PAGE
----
Northeastern University

Superfund Research Program

Phthalate exposure and molecular epidemiologic markers of preterm birth among women in Puerto Rico

Project Leader: John D. Meeker (University of Michigan)
Grant Number: P42ES017198
Funding Period: 2010-2024


Rates of preterm birth in the U.S. have increased in recent years for reasons that remain uncertain. The recent escalation in preterm births in Puerto Rico is especially alarming, where rates since 1997 have gone from just above the U.S. average (12%) to nearly 20% in 2005. While known risk factors for preterm birth have failed to account for this increase, there is mounting evidence that environmental factors may play a key role. This project utilizes state-of-the-art molecular epidemiological methods to explore environmental, genetic, demographic, and behavioral factors that contribute to preterm birth risk in Puerto Rico, and to provide much needed information on the potential mechanistic pathways involved in preterm birth as it relates to environmental factors.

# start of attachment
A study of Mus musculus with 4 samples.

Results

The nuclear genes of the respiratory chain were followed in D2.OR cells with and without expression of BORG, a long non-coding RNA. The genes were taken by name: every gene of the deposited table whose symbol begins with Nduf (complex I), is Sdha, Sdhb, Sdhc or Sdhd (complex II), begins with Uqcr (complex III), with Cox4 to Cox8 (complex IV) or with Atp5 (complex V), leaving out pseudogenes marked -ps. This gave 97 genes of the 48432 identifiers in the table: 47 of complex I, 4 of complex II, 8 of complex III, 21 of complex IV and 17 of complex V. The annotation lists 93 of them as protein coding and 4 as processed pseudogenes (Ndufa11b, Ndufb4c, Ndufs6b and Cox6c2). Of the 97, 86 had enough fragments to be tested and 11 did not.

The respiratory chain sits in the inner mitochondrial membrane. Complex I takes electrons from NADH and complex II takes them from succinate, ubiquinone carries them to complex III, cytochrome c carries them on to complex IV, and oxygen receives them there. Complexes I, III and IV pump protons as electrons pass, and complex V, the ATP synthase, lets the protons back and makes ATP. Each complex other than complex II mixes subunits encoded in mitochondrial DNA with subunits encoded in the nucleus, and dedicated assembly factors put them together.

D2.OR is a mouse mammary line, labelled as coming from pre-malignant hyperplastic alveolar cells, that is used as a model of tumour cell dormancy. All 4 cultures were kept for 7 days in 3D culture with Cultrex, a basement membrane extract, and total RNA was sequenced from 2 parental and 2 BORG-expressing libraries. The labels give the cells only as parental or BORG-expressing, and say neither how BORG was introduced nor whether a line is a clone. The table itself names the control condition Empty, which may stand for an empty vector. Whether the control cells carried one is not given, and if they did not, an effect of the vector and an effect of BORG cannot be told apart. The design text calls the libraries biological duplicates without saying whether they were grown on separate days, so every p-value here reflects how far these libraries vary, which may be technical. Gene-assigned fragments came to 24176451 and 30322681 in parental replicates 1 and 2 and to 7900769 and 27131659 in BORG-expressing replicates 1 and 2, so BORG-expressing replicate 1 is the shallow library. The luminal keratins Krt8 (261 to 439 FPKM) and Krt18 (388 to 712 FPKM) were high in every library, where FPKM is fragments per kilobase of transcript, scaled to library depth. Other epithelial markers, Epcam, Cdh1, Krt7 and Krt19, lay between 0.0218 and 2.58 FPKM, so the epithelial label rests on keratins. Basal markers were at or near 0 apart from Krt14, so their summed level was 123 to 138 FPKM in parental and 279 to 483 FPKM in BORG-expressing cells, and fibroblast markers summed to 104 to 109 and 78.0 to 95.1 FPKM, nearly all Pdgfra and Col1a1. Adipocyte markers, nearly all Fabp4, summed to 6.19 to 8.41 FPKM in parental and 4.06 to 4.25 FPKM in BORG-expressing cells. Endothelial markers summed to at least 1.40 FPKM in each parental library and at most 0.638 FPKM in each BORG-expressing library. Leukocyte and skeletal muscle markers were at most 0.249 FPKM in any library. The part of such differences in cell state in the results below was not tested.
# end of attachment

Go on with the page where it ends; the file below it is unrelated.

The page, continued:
Phthalates were chosen as the primary pollutant of interest because they are common contaminants of Superfund sites in Puerto Rico and elsewhere, and recent studies show widespread exposure to phthalates in the U.S. population. Human exposures to some phthalates have increased in recent years, a trend which coincides with the increased rate of preterm birth. Phthalates are classified as emerging pollutants of concern to the SRP and are associated with reduced gestational age and other effects potentially linked with preterm birth, including inflammation, endocrine disruption, and oxidative stress. Utilizing data and samples generated by recruitment efforts of the Human Subjects core, Dr. John Meeker measures urinary phthalate metabolites in 1200 pregnant women. Phthalate metabolite levels are being assessed for associations with residence, water sources, activities, and product use to identify influences of high exposure and opportunities for exposure reduction strategies. Phthalate metabolites are then used to test associations with declined gestational age and increased risk of preterm birth, as well as with markers of inflammation, endocrine disruption, and oxidative stress to provide data on biologic pathways involved in the association between environmental exposures and early parturition. Analysis of polymorphic alleles in candidate genes are also conducted among the women for exploration of gene-environment and gene-gene interactions, and to further characterize hypothesized phenotypic markers of individual susceptibility to phthalate exposure based on metabolite ratios. The study provides much needed information on preterm birth risk factors in Puerto Rico and a rich resource for future investigations.